Sterling Heights woman with MS praises community, caregivers

By: Eric Czarnik | Sterling Heights Sentry | Published February 28, 2020

 Faith Agauas, right, has been sharing her experiences with being involved in the local multiple sclerosis community. Her caregiver and daughter, Rebecca Agauas, is on the left.

Faith Agauas, right, has been sharing her experiences with being involved in the local multiple sclerosis community. Her caregiver and daughter, Rebecca Agauas, is on the left.

Photo provided by Faith Agauas


“Every morning, I put both feet on the floor, and I say, ‘What kind of trouble am I going to get into today?’” she said. “I never look at my MS as being a ‘woe is me.’ It’s what I have; it’s who I am. I just go about life and make the most of it every day as I can.”

Agauas, 65, of Sterling Heights, is using March as MS Awareness Month to share her personal story and experiences with the medical condition. She is involved with an awareness-raising program called My MS Second Act, made possible through a partnership with Novartis and the Multiple Sclerosis Association of America.

According to health experts, multiple sclerosis is a chronic autoimmune disorder that causes inflammation and affects the nervous system. The disease can take on several different phases, and Agauas said she now has a progressive form of MS.

In 1999, a doctor that specializes in MS formally diagnosed Agauas with the illness. However, she had symptoms for years — such as optic neuritis, foot drop, and numbing and tingling in her hands and feet — but doctors couldn’t figure out what was wrong.

Agauas said she at first lived a typical life after the diagnosis.

“I wasn’t any different than any other person,” she said. “I still worked full-time. I had a great career. I traveled.”

However, she said her disease started progressing around 2005 or 2006 and then progressed further years later.

“My disability is now full,” she said. “I use a walker. I use a transport cart to get around. I have some cognitive issues — you forget things, memory fog.”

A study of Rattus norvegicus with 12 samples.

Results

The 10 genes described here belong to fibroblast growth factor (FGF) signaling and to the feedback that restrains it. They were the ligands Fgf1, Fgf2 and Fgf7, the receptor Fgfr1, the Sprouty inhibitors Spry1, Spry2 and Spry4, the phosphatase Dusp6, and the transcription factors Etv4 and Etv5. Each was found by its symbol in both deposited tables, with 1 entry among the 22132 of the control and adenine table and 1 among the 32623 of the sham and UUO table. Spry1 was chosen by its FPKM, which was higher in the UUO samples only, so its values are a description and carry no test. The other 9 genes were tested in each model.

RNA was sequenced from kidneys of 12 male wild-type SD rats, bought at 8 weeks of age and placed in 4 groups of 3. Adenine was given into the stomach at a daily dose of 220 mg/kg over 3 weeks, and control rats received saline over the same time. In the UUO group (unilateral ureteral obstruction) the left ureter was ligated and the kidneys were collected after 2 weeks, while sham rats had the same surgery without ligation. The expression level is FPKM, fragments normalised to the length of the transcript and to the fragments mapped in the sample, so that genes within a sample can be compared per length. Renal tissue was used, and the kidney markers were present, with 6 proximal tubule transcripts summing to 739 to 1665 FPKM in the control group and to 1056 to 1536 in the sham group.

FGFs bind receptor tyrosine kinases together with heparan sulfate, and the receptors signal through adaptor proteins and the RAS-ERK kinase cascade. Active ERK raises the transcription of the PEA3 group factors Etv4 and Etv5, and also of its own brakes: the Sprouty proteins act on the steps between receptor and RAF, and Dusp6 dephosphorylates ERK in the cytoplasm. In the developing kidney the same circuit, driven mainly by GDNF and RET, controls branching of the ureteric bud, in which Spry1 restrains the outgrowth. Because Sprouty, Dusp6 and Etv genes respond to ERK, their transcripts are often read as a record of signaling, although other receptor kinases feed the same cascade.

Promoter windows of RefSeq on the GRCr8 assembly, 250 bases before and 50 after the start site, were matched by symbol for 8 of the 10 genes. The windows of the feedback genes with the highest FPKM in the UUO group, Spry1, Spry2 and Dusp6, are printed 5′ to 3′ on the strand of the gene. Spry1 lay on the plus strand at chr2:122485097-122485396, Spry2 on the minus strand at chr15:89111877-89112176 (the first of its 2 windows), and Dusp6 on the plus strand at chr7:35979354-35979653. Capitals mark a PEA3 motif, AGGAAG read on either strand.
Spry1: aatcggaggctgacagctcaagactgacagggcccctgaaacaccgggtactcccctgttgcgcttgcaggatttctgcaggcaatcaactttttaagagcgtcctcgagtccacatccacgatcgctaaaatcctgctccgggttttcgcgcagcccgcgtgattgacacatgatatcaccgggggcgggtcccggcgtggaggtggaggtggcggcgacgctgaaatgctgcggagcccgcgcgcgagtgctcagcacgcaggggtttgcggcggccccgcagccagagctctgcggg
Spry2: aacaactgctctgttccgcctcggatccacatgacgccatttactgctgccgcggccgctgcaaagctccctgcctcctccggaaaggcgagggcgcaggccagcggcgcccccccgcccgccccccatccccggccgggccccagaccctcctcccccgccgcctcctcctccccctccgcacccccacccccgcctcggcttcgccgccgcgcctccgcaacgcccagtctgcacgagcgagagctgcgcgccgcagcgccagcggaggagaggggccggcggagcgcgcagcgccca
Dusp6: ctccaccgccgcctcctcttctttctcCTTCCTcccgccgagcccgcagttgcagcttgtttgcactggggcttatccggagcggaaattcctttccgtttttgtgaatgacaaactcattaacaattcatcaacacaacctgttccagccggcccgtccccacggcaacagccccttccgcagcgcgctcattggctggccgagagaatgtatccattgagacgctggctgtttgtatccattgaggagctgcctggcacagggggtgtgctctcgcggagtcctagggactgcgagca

She also has two other immune disorders, the thyroid-related Hashimoto’s disease and a blood-affecting illness called immune thrombocytopenic purpura.

Faith Agauas said her daughter, Rebecca Agauas, is her caretaker. Faith said she wanted to recognize and thank caregivers for their hard work, despite the risk of burnout, in helping people with MS function in everyday life.

“Without them, we’re not going to get through the day,” she said.

Both Faith and Rebecca are very involved in the local multiple sclerosis community. They take part in walk and dinner events, which often feature doctors and patient ambassadors as guests.

“It’s our community where we get together,” Faith said. “We share doctors, stories. …  It makes a big difference if you are involved.”

Faith said new drugs and treatments are being developed for MS patients, though she doesn’t think she will benefit from them so much, due to her age and the condition’s progression.

Rebecca described what some of the MS community’s events are like.

“The MS community is by far one of the best communities I’ve ever been a part of,” she said.  “We go to a lot of MS educational dinners and lunches. … We want to learn about this as much as we can. We went to one last night and still learn some new fact every time we go.”

Rebecca explained the positive effect that community can have on people with MS.

“You’re in a position where you’re surrounded by people who are just like you, and you’re all supporting each other and cheering each other on … a lot of love and support. It’s really beautiful,” she said.

As one herself, Rebecca agreed that caregivers are “unsung heroes.” She said she cares for her mother on a daily basis by doing household chores like laundry and dishes, as well as arranging doctor appointments and advocating on her mother’s behalf.

While Rebecca said “a lot of the weight falls on caregivers’ shoulders,” and they don’t always get the support they need to take care of themselves, she finds great purpose in caring for her mother.

“It’s the most rewarding thing I’ve ever done,” she said.